Astronomers Discover New Galaxy Born 12 Billion Light Years Ago

Saturday, 15 August, 2020 - 06:30
The star formation triggered by the Sagittarius dwarf galaxy in its current approximation to the Milky Way is seen in an illustration. Reuters

Astronomers have discovered a very young galaxy that looks surprisingly like our Milky Way, appearing as a ring of light at a distance of 12 billion light years in the dark universe. The galaxy, named SPT0418-47, is so far away its light has taken more than 12 billion years to reach us.

Astronomers see it as it was when the Universe was just 1.4 billion years old, 10 percent of its current age, according to data by European Southern Observatory (ESO), a partner in this discovery. At the time, these baby galaxies were just beginning to develop, AFP reported.

The galaxy, which was discovered using the ALMA Telescope in northern Chile, looks surprisingly like our Milky Way and has a similar rotating disc and large group of stars packed tightly around the galactic center. This discovery surprised astronomers who never thought such a galaxy could be formed 12 billion light years ago. "This is the first time a bulge has been seen this early in the history of the Universe, making SPT0418-47 the most distant Milky Way look-alike," ESO said.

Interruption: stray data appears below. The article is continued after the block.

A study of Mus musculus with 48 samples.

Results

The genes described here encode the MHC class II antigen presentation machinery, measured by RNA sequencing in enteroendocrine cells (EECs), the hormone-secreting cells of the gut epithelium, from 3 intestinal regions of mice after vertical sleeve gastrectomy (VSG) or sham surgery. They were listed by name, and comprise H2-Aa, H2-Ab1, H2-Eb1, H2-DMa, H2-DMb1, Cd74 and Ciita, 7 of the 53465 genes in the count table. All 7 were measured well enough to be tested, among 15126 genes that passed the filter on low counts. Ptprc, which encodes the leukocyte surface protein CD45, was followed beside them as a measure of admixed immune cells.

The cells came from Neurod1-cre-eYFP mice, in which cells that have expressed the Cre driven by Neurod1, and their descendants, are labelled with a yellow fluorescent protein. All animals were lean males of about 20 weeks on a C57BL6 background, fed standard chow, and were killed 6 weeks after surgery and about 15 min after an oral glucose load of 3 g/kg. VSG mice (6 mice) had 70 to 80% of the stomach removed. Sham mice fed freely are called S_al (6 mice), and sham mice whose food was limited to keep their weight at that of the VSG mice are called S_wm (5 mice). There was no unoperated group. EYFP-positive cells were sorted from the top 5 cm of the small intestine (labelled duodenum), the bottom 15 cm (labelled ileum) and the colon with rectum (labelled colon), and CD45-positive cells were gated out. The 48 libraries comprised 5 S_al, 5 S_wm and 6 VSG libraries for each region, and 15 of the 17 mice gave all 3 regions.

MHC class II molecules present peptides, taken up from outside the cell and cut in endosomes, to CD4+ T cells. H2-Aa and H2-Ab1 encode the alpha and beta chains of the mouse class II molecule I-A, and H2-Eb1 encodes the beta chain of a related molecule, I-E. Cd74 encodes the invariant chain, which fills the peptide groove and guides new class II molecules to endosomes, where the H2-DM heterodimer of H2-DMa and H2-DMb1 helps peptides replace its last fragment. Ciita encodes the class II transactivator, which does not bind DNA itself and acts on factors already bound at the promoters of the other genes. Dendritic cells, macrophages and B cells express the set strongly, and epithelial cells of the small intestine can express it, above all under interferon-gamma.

This unexpected discovery suggests no disturbances or instabilities in the young galaxy which seems very calm. This made astronomers believe that "this Universe may not be as chaotic as once believed and raises many questions on how a young galaxy could have formed so soon after the Big Bang."

Co-author Simona Vegetti, from the Max Planck Institute for Astrophysics, said: "What we found was quite puzzling; despite forming stars at a high rate, and therefore being the site of highly energetic processes, SPT0418-47 is the most well-ordered galaxy disc ever observed in the early Universe."

The findings were published in the journal Nature.